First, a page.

How to cut your energy bills
If you haven’t moved suppliers in the past few years you could save money on your bills. Despite energy companies promising to “simplify” tariffs, there are often significant differences between standard tariffs and best-buy rates. There are a number of websites – such as Moneysupermarket.com, uSwitch.com and energyhelpline.com – that help you find the best deal. Alternatively uSwitch offers a postal search service for those who aren’t so internet-savvy, while Energyhelpline offers a telephone service.
Find a better way to pay
Even if you don’t want to switch provider – although it should involve minimal hassle these days – you may be able cut costs with your current provider. Simply switching to an online tariff (where you update meter readings over the internet) and paying by direct debit rather than quarterly bills can cut costs significantly.
Keep an eye on usage
Those paying by direct debit should ensure that they are not building up a surplus. Monitor estimated usage and bills, and actual readings. You have the right to have surpluses repaid immediately. Remember that, if you have been underpaying, your supplier can backdate bills, but only for up to 12 months.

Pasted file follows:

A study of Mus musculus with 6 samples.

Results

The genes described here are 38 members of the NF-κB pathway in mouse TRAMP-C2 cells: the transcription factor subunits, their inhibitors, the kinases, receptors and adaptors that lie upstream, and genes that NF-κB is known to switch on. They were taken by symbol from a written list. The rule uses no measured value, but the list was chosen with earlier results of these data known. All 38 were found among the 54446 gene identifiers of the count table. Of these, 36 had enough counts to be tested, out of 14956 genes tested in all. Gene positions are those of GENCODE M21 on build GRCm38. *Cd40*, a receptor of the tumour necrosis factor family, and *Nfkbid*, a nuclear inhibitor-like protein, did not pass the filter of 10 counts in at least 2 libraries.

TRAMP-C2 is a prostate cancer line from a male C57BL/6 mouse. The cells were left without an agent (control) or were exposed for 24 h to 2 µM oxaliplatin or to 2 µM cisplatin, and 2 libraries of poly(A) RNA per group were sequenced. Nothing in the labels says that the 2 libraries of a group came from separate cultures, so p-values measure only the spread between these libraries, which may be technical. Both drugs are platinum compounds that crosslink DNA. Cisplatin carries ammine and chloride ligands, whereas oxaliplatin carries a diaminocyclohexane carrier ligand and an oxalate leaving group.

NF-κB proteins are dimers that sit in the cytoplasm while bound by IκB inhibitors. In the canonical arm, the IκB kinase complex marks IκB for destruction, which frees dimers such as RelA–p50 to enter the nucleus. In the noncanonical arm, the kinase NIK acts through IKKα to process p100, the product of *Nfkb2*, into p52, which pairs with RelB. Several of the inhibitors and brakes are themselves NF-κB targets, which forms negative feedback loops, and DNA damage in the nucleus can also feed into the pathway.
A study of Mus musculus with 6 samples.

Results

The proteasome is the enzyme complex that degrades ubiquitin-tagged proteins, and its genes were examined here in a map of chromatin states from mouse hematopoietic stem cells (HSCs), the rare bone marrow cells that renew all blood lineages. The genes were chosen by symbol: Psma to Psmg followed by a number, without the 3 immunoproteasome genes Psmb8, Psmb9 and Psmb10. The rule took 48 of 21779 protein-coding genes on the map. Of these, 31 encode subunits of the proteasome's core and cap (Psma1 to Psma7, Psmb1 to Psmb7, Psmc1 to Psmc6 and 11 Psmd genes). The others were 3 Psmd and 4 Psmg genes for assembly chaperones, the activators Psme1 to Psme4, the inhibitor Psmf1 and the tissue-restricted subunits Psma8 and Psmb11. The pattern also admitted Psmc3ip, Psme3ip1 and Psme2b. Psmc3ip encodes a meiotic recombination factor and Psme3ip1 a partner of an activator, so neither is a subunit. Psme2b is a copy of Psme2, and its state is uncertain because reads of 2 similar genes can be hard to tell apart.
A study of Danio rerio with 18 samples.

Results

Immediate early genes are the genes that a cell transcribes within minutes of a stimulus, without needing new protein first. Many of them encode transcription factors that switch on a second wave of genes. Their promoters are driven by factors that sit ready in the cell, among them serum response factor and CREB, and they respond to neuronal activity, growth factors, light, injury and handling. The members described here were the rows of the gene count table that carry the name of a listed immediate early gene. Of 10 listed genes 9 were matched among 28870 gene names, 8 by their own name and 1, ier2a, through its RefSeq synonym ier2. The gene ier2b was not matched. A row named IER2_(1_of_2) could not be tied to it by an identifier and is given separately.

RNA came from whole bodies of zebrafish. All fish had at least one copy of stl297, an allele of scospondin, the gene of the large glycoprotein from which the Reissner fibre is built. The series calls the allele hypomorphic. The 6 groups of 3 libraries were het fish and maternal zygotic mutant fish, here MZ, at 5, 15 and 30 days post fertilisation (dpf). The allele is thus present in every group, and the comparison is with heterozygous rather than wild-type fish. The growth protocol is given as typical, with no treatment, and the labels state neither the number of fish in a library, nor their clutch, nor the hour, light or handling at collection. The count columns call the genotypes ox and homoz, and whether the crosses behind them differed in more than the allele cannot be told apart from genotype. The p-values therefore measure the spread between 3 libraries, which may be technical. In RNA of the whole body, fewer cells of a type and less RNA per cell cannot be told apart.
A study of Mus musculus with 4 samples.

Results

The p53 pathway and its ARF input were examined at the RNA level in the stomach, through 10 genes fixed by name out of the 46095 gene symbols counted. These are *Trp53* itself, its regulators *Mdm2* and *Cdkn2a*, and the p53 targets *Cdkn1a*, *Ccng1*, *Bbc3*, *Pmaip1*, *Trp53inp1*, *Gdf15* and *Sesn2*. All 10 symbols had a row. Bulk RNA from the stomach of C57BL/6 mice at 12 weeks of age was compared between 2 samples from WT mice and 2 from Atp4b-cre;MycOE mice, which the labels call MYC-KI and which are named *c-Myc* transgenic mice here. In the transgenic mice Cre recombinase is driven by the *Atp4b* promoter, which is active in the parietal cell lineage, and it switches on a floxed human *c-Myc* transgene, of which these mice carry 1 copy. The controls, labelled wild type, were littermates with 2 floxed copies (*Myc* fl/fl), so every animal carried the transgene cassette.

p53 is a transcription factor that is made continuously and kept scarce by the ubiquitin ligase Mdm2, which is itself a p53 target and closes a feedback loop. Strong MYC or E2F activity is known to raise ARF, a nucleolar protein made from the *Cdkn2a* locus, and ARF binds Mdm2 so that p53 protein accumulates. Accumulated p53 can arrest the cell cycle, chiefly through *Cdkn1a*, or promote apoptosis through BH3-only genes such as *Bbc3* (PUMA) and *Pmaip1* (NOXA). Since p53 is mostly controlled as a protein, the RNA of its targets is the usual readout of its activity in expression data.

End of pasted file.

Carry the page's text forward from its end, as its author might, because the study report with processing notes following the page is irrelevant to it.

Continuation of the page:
Pay less for working from home
You may not qualify for “business” rates but those who work from home on a regular basis can claim the energy they use as a business expense, which can be offset against your tax bill. For example, if you used a small room at home as an office, which represents 5pc of the floor area of the house, and your electricity bill for heating and lighting was £300, you could claim £15, or 5pc of the total. Contact HM Revenue & Customs for more information.
If you are looking to switch suppliers, try using a cashback site such as Quidco or TopCashBack, where you may be able to earn up to £45 on top of any savings made by switching supplier. You will need to register with either site before cashback can be paid.
Find free insulation
Loft insulation can save you £120 a year but you may need an upfront payment of £300 to install it. However, many energy companies offer free loft or cavity wall insulation, or grants to help with other energy-saving measures. These are typically (although not exclusively) targeted at those on low incomes or a pension. Contact your gas or electricity supplier for more information. The Energy Saving Trust said simple measures such as fitting curtains across doors, blocking draughts and insulating windows could make an impact on heating bills.
Alternatively, consider the new Green Deal. Here, there is no upfront cost for energy efficiency measures; instead, you take out a loan and the repayments are taken from your electricity bill. The savings you make on your heating costs should cancel out the loan repayments.
Get a fixed rate
These deals promise fixed costs per unit until a date specified, so you are protected from unexpected price rises. Often you pay slightly more than the best variable rates for this peace of mind. The best deals tend to be taken off the market quickly, so get your skates on if you see the right deal.